Contrary to popular belief, one does not need a sense of humor to laugh. That is the concept behind laughter yoga.
Talma Macgregor participated in a laughter yoga class led by Sari Huhtala Oct. 5. Photo by Jenny Jelen

Contrary to popular belief, one does not need a sense of humor to laugh.

That is the concept behind laughter yoga.

Sari Huhtala, a certified laughter yoga instructor in the Greater Sudbury area, explained laughter yoga is a combination of breathing techniques, meditation, and unconditional laughter.

“It’s really not about jokes,” she said. “It’s about encouraging people to laugh without any external stimulus. That means your ability to laugh without relying on something funny happening or something basically out of your control.”

According to, the concept of laughter yoga is based on a scientific fact that the body cannot differentiate between fake and real laughter — one gets the same physiological and psychological benefits.

Sari Huhtala

Sari Huhtala

Huhtala said it’s a simple concept that everybody has within themselves.

“I start out introducing the concept that you can create laughter just like that, because it’s very foreign to people. I have them take a deep breath in and exhale with laughter, and they realize ‘Wow, that was easy.’”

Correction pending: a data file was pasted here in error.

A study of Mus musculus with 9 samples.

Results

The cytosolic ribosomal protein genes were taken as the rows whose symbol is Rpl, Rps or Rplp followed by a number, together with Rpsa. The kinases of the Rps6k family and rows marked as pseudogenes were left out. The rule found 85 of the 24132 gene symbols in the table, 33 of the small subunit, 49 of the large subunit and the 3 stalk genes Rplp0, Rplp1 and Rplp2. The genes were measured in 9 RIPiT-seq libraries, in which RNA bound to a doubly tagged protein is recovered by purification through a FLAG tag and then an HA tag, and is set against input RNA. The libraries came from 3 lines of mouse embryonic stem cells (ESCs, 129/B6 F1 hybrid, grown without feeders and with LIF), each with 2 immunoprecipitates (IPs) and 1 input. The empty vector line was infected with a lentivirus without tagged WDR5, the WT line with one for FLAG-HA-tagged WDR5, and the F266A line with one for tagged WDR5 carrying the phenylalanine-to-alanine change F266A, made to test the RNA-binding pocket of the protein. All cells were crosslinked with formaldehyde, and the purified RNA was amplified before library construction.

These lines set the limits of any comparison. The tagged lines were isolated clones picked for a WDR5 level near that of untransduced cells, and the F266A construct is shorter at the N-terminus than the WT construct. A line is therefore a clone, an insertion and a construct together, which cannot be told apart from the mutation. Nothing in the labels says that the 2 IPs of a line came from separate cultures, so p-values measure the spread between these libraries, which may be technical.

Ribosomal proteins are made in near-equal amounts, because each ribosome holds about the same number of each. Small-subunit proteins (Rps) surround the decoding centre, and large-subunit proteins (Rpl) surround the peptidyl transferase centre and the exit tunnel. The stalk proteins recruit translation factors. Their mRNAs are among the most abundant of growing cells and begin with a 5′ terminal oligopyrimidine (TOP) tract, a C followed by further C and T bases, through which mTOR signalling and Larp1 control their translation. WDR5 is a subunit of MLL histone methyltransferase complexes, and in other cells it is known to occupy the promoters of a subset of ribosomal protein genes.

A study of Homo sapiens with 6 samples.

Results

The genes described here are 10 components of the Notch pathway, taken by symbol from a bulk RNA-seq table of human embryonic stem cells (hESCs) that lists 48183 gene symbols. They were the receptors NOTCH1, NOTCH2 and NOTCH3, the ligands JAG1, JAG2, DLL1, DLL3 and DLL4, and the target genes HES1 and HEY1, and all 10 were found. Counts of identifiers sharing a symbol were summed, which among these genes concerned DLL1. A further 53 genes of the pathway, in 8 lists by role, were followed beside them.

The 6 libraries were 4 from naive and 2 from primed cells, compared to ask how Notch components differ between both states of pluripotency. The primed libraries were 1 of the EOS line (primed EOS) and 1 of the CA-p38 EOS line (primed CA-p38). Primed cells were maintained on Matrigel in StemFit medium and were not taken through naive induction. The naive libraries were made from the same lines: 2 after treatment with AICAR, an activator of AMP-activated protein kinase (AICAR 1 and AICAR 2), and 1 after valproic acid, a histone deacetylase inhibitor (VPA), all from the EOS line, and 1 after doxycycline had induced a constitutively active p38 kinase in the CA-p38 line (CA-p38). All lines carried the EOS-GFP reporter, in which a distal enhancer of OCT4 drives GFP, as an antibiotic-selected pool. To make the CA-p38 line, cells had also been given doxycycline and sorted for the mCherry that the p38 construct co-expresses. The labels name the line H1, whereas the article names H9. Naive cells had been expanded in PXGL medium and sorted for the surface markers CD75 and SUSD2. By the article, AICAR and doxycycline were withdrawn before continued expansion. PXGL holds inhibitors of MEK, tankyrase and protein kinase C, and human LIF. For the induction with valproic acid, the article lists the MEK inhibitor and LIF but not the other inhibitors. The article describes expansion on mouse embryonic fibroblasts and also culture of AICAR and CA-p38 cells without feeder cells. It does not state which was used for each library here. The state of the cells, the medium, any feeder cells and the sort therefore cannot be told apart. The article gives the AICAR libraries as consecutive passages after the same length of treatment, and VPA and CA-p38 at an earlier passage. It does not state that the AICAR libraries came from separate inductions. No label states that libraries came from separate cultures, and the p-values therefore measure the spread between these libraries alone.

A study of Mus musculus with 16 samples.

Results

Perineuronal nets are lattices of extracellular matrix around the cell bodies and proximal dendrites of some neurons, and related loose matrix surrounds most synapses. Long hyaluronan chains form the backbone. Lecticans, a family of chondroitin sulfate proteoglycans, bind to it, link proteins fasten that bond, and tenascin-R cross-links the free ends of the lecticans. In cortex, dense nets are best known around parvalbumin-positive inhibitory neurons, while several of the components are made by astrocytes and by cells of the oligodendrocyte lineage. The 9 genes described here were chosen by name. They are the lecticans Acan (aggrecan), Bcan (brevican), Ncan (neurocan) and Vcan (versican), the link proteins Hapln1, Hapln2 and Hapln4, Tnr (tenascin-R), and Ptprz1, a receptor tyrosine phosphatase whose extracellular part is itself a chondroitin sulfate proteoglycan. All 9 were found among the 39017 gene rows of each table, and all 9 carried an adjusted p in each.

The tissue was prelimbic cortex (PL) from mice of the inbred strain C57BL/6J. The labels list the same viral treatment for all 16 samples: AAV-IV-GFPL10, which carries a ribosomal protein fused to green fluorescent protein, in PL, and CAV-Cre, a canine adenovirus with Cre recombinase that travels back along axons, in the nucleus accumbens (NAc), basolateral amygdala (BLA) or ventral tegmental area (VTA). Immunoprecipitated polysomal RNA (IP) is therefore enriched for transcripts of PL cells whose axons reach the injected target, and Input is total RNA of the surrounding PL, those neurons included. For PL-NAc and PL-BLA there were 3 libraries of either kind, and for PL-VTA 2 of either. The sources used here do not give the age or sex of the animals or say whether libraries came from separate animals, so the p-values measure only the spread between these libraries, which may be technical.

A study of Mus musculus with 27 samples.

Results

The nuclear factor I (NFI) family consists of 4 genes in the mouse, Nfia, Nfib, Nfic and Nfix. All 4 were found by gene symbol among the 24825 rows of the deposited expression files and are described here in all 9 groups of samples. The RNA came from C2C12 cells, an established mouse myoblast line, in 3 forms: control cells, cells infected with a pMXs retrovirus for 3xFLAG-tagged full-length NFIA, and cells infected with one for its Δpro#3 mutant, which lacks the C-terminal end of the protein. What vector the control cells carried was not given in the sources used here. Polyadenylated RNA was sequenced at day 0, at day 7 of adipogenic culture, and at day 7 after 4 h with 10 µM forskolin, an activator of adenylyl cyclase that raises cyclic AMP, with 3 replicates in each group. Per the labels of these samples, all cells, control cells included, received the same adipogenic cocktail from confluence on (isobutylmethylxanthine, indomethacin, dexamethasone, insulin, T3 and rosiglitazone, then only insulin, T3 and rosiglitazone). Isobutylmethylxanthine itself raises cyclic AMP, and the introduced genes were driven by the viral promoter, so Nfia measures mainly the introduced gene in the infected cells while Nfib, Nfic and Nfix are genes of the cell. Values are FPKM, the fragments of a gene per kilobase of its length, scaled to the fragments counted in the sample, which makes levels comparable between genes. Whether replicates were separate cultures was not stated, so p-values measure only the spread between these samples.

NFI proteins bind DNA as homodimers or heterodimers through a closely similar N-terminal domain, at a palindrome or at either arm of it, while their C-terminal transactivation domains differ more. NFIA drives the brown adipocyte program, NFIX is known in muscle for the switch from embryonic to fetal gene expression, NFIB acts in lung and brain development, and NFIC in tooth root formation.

Huhtala learned the practice five years ago, under its creator, Dr. Madan Kataria, a physician from India. “He introduced laughter yoga in the mid-1990s, recognizing that laughter has a whole slew of health benefits for individuals,” Huhtala explained.

Physiological benefits include increased levels of serotonin levels — “that feel good hormone” — and the release of natural endorphins, “which is almost like a natural pain killer,” she said. It also relaxes the body, and massages a person’s internal organs. “If you have asthma or anything, a bout of laughter is a wonderful way to loosen things up,” Huhtala added.

Cardiovascular wise, a one-minute bout of laughter is equivalent to being on a rowing machine for 10 minutes, and it also lowers blood pressure and stress levels.

“All those things are conducive to better health,” Huhtala said.

While laughter yoga can assist people in achieving an improved state of well-being, Huhtala said her intent is to show people they “have the capacity to choose how you’re going to respond to life’s circumstances.”

However, people don’t need to participate in a laughter yoga session to get all the benefits. “It is something you can do on your own, in the morning or midday if you’re feeling drained. Even a 30-second bout of laughter makes a difference.

“Stand in front of mirror, draw your arms up overhead and take a deep breath. When you exhale, drop your arms down and laugh.”

Huhtala’s next sessions of laughter yoga are set for Nov. 2 and Dec. 7 at the Valley East Public Library from 7 to 7:30 p.m. The classes are open to adults and children aged 10 and over. Admission is free but donations of non-perishable food items are welcome for community food banks. Those interested in participating can contact or phone 705-673-1155 ext. 225.